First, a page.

Monday, July 14, 2014


My wife released from surgery
Still feeling the anesthetic
I close the shades in the hotel room
And cut off all the lights

The air-conditioning produces white noise
I sit by her in bed
And watch her while she sleeps
This is a quite time
My time alone with only my own thoughts

I don’t mind

Why am I thinking about cars?

In 1962, a third class in the Navy, I drove a fifty-two Pontiac with the left brake line crimped off and the power steering disconnected from Argentia, Newfoundland to Washington D.C.   A friend of mine drove his family in a VW bus from Kentucky to Alaska.  A Navy buddy of mine blew his engine traveling through Maine: we had to pawn almost everything we owned to get money to rebuild the engine so he and his new wife could continue on to Kansas City.   These were driving adventures: people don’t do that today

As a young man I worked on my cars: big eights with four barrel carbs.  I rebuilt the engines, installed gauges, a floor shift, glass packed mufflers with a cut out and amplified speakers for my AM radio.   I probably drove to fast; but I was in control – the car responded only to me and my commands.  My cars were always special: an extension of who I wanted to be.

Today cars are mainly transportation; and in the case of some people a symbol of money and status.   But that personal relationship of a man and his car rarely exist nowadays.

We don’t drive our automobiles any more – we ride in them.  We turn more of our decisions over to the automobiles: a vehicle with a little computer chip that monitors all mechanical and operating functions.   We have GPS, Blue Tooth, OnStar, self deploying air bags, back up warning and camera, self parking programmed, automatic braking, blind spot warning, automatic light dimmers...  Our vehicles are capable of making their own decisions.    We click on the air conditioner and select our satellite radio station and read our text messages as we are transported with minimum effort and input to our destination. 

I have a cell phone, but it has no camera and is not capable of texting; anyway, I never turn it on unless I need to make a call.

 the Ol’Buzzard


  1. I hope your wife has a speedy and complete recovery!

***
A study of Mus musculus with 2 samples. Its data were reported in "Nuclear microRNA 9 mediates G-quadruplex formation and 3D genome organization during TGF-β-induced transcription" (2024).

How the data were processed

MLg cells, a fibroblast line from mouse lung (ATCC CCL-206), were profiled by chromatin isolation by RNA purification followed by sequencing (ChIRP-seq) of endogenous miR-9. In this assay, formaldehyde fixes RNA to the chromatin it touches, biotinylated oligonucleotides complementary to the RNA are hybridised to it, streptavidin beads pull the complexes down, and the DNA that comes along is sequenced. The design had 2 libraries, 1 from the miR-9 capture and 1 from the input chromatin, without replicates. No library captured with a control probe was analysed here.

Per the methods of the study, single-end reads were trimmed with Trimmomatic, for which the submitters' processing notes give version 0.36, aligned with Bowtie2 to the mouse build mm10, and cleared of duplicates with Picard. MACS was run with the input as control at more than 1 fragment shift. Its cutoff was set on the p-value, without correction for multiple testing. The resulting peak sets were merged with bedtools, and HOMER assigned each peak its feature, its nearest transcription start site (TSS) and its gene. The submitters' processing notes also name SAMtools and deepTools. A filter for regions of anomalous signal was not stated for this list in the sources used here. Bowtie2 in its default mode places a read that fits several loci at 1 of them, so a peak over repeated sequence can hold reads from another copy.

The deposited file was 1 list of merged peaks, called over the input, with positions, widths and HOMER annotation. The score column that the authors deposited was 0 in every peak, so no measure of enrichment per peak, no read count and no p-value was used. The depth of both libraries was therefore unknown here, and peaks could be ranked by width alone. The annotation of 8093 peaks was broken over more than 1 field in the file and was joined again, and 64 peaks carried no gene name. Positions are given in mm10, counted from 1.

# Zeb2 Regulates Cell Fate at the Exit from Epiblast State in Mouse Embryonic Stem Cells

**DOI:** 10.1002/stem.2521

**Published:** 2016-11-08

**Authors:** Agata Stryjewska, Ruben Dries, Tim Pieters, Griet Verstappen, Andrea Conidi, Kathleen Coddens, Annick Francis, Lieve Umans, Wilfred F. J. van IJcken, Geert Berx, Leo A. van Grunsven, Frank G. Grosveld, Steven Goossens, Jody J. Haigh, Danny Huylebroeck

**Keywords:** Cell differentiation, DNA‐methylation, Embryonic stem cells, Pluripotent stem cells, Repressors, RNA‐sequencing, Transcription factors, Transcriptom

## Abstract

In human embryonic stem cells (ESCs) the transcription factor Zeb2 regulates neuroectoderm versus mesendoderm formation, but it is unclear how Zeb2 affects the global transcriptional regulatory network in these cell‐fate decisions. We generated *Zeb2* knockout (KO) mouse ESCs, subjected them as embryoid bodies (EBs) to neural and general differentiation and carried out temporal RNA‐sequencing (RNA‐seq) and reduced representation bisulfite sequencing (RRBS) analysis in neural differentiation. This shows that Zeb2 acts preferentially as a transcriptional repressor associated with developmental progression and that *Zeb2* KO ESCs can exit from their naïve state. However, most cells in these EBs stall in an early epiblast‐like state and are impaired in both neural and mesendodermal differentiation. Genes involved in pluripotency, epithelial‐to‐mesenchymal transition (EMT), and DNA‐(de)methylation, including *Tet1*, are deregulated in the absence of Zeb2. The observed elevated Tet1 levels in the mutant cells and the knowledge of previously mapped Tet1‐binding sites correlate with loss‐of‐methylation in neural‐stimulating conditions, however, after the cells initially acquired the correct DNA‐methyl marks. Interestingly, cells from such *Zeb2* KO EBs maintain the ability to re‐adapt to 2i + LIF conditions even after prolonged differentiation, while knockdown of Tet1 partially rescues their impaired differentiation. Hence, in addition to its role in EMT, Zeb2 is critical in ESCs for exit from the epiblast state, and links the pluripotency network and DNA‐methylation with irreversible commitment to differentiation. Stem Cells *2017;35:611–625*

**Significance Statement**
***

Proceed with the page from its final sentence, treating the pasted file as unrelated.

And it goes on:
2. Good to see you posting...I was wondering where you were. I hope your wife is recuperating quickly...I am forcing myself to do more cycling. It took me a few years to accept that I needed email. I resisted cell phones in NYC. The guy I worked for wanted to buy me one so I would be available for what he deemed emergencies.No way....Now I have a cell phone, but no camera and I always have to remember how to use it. Living here in this rural place without a garage nearby has made me a better mechanic. I can order almost anything I need on line cheaply...Luckily, I have a few friends who are good mechanics and when I really need help I can count on them. I am reoilved to the fact that I will have to get another car...I have a 1995 Peugot and nothing lasts forever.

  3. btw, I will eventually write about my adventure obtaining a French Drivers license...I was informed that I had to start from scratch...after 3 years, my NYS license was not legal if I was a resident here. I'm still in shock from the experience..the test here is much harder than anything I had to pass in the USA and the classes are almost like a college level course! You really have to have a pretty good basic comprehension of what goes on under the hood of your car here to pass the test. But, even though I have fairly good conversational French skills...the course and test was entirely in French so I had another level of dyslexic cotton to stumble through...Still, once you get the license, it is good for life...I had to drive around with a magnetic A sticker on my bumper for 6 months.


COMMENT: Ben Franklin said, "I imagine a man must have a good deal of vanity who believes, and a good deal of boldness who affirms, that all doctrines he holds are true, and all he rejects are false."